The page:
Budget difficulties discussed by BOE
By Scott Appleton - Staff Writer
Griswold - posted Tue., Jan. 25, 2011
On Monday, Jan. 24, the Griswold Board of Education met to review and discuss the proposed budgets for the Griswold elementary, middle, and high schools. This year is fiscally difficult for all departments, and that was reflected in the meeting.
The board and administration said that Griswold Elementary School – now in the process of preparing to move into its new building – is in need of improvement. The goals there include increasing the reading proficiency of the students at all levels by at least 10 percent annually. Illiteracy among the younger generations in the United States is at a high level, with some students not reaching a capable reading level by the time they go to high school. In contrast to this, the school is looking to increase the students’ math proficiency by 5 percent annually. In both of these areas, staff and board members feel they are making good progress.
In April of this year, kindergarten through grade three will move into the new building. Shortly afterward, fourth-graders will follow. The school’s notable costs for this year are $50,785 for language arts and reading materials and supplies. More than $42,000 of that money was used to replace “Reading Street” materials. A few members of the board asked for an explanation, to determine if cuts could be made and if those materials could be copied, or otherwise cheaply reproduced. However, it was stated that such a solution would infringe upon copyright law.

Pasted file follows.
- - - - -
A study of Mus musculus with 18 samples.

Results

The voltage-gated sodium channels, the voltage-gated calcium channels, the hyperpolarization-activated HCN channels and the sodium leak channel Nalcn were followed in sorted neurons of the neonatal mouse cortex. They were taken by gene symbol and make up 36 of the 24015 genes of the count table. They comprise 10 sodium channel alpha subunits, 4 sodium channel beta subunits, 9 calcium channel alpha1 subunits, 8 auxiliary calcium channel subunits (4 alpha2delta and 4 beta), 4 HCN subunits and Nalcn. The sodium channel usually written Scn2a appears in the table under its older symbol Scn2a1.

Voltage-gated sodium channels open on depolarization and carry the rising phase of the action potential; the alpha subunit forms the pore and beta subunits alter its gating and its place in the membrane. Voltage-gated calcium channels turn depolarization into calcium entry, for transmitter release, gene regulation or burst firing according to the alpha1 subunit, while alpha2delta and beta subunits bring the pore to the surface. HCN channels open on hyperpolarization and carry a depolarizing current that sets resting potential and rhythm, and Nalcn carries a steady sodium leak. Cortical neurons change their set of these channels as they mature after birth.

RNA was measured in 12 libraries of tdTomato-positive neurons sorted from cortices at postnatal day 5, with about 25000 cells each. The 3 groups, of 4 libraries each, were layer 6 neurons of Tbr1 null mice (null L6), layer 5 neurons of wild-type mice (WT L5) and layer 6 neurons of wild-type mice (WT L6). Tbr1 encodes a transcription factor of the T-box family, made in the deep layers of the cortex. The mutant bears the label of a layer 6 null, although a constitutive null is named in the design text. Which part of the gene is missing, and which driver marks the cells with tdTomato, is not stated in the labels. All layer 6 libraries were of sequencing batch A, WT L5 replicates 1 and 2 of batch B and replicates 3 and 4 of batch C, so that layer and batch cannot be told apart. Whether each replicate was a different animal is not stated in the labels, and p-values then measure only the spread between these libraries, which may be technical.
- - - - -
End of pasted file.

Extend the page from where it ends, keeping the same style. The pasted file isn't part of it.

The elementary school moved the fifth graders to the middle school last year, and this was the only budgetary cut of note for that school.
Issues regarding the middle school that were discussed at the meeting included the difficulties related to the costs of reading programs. Some of those materials can be photocopied for use by new classes, to save money, but others cannot be, again due to copyright concerns. The school is now focusing on data analysis for all students to determine where they stand on an academic level, and to help them determine where and how to improve.
A long discussion among the board members ensued when a proposal was made to eliminate one middle school teaching position and replace it with another. It was proposed that a global language teacher be instated for $50,000. To offset the cost of this proposed position, it was proposed that a fifth-grade teaching position be eliminated, which would save the school the same $50,000. It was emphasized that this is not an ideal budget year, but the board members saw no way around this. They proposed increasing class sizes so as to cut out a fifth-grade teacher. Currently, there are around 160 fifth-grade students.
Amidst these discussions, some members of the board brought up concerns pertaining to the school music budgets, which are high for each school. The annual musical is a particularly large expense. The schools are looking at possible ways to streamline or consolidate some “campus” services to a central office. The board is keen to stay within and, indeed, to tighten the budget. Everything from maintenance to mail was discussed as a possible source of budget cuts. The impression many on the board expressed was that the schools need to keep up with modernization and that they are a bit behind in that regard.
The board members did not have as many major issues to discuss regarding Griswold High School. They looked more into the coming years, saying that new student testing requirements may, or probably will, require more staff. They are also working on initiatives that give middle school students opportunities to examine all the studies that are available at GHS. The school has sent some high school students to the middle school to speak to the younger students about the things they are studying, hoping to instill vision in the students for what they can accomplish with their futures, as well as a taste of the culture at GHS.
The board intently looked over the proposed budgets, and the difficulties of the year ahead were acknowledged.